Stepping Up

A girl and a Saluki pose with several awards.

More stories from Carin Houser

“London Bridge is Down”
September 19, 2022
Copies+of+the+Decaturian+sit+on+a+stand+in+the+University+Commons

Athena Pajer

Copies of the Decaturian sit on a stand in the University Commons

The Decaturian was established in 1903, just two years after Millikin itself. I know I would need to be talented to destroy a newspaper single-handedly. However, I am scared.

My own personal history with the Dec is extensive. My introduction to the newspaper was not a traditional one.  I first learned about the Dec when I was in elementary school.  

I was young, and quite honestly bored at a meeting full of student writers and editors. The meetings seemed to drag on for me. However, the students discussed important national and local issues, and how to cover them. 

Newspapers and colleges were nothing new to me, as my stepdad was one of the best sports writers in Central Illinois for many years before becoming a journalism professor here at Millikin, where he also serves as the Dec’s faculty advisor.

Dr. Scott Lambert’s impact on my life has been rather significant; as you can tell, I have taken great interest in his profession. But it isn’t him who I am afraid to let down. Rather, it is the students before me.

I started at the Decaturian (officially) as a college freshman who wanted the opportunity to write for the paper.

My role as a reporter pushed me. I found connections, and I went where I was needed. I learned what it truly meant to be a part of a news team, and I made unforgettable memories with the people who worked beside me.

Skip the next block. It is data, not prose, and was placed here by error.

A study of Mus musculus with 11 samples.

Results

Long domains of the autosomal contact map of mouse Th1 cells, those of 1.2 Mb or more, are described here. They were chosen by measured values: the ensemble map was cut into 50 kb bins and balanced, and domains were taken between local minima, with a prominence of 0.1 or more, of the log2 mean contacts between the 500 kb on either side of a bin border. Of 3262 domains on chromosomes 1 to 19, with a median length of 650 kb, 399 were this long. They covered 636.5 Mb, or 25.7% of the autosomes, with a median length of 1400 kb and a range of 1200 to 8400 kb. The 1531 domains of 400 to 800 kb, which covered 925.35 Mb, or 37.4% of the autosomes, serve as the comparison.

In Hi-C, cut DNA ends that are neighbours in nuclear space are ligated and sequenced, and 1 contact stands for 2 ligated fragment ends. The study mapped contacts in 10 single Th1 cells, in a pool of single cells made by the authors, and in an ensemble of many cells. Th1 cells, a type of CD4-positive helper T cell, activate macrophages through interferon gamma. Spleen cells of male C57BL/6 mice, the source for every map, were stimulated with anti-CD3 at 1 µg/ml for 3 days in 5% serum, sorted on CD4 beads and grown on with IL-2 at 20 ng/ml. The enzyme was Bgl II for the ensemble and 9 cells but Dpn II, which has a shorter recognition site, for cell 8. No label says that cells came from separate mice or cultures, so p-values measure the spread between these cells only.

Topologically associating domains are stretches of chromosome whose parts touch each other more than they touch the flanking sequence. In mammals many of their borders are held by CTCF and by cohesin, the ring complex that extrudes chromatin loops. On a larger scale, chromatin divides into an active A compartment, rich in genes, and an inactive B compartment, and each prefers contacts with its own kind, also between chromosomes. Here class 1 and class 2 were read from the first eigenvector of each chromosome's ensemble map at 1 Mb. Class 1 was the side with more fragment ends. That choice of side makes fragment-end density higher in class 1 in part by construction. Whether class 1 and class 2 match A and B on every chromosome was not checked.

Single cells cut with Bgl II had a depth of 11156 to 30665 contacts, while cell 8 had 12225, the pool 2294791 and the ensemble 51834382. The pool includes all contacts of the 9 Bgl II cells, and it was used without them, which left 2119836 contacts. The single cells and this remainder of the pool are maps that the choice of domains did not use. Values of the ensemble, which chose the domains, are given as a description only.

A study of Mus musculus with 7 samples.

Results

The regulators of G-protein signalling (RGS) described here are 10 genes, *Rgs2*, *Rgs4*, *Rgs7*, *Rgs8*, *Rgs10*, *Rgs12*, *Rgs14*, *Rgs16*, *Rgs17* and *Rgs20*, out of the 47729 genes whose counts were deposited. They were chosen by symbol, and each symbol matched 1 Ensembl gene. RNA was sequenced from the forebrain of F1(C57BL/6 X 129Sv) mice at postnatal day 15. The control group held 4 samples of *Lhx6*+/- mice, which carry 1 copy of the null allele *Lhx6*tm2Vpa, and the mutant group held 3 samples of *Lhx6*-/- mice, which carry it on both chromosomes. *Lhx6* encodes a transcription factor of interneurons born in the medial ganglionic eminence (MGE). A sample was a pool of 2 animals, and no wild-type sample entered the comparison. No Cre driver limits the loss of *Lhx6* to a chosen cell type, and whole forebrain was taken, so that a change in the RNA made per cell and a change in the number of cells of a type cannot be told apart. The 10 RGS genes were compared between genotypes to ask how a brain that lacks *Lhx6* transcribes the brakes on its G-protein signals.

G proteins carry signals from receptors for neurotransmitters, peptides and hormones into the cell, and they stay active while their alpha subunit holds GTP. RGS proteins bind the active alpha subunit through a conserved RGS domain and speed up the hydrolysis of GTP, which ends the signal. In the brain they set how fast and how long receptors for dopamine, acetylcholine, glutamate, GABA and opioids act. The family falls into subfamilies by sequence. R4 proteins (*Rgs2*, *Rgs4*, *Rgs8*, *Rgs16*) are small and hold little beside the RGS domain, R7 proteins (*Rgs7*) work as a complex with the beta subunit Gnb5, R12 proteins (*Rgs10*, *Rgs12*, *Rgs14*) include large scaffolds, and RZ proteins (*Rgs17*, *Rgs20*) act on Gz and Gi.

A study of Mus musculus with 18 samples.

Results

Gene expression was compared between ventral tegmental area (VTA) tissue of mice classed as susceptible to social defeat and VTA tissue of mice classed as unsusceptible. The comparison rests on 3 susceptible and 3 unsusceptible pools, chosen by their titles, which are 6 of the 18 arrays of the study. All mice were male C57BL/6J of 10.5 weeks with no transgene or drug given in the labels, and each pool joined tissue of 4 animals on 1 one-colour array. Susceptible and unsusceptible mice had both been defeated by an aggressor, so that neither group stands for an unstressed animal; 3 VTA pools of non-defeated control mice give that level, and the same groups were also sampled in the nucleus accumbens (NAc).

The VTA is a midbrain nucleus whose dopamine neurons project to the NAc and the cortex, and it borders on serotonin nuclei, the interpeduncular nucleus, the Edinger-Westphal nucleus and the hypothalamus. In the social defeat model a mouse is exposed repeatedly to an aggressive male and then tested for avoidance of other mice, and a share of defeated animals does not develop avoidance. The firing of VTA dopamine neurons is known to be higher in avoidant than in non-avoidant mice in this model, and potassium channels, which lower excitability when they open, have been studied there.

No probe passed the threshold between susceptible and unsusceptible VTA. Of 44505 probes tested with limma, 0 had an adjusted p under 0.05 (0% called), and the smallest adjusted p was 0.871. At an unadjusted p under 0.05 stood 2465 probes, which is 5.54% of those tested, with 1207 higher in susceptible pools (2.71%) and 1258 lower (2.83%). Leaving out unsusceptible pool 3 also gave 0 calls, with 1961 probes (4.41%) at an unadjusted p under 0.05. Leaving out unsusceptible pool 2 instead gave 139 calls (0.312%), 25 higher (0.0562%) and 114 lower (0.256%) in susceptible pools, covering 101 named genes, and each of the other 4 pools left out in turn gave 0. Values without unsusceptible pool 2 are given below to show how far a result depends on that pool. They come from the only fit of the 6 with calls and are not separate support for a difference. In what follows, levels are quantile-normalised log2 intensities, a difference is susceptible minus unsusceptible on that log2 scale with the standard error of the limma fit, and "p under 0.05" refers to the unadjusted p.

The people who ran the Decaturian shaped me into the role that I am stepping into this year: Editor-In-Chief. 

The title itself feels odd against my skin. I have a lot of growing to do, and many mistakes to make. The people who got me to this place likely aren’t surprised that I am here, nor do they doubt my ability to fulfill this role. For that, I am thankful. 

The role itself is quite large, though. I cannot help but wonder if I am truly the right fit for such a title. The people who have done this job before me seemingly did it with ease. 

As this new year begins, I feel the void left by our recent alumni. Athena Pajer, Sydney Sinks and Jeana Pierson were strong voices within the Decaturian, and they simply cannot be replaced. 

Truthfully, I am not sure any voice over the years has ever been “replaced.” Instead, I believe each person who writes for the Dec has altered it in such a unique way that their leaving fosters a sense of longing for their presence once again. 

However, we shall move on. If you were to ask me to name every Editor-In-Chief the Decaturian has ever seen, I simply couldn’t. 

I wouldn’t see the purpose in this quest either. Newspapers carry unique voices, no matter their strength. Nor their time. The purpose of the paper is to discuss the present issues and be the student voice of Millikin.

As reporters, we ask uncomfortable questions. We write the good, the bad and the ugly. We are both the power everyone wants to be around when things are good, while also being the people they try to avoid when something is wrong. 

Since I was a young child, I saw people do just that. I have seen countless people, in countless majors, join the Decaturian not believing they could write, and they become our strongest writers. 

People such as Denny Patterson founded the LGBT corner in the Decaturian, thinking it was a part of the paper that wouldn’t continue after he graduated. 

Former Editor-In-Chief Alexsenia Ralat transformed the layout of the newspaper itself, while pushing the Decaturian staff to write the difficult stories. 

Former Student Council President, Jacqui Rogers, utilized the power of the Decaturian to write fireside chats; articles that described what the student council was up to. 

Decaturian alumni were pushed out of their comfort zones, just to find that they can do more than they ever imagined. 

But, the past brings us to the present. And now, we are here. I am here, you are here, we are here. Stepping forward is hard, but stepping up is necessary.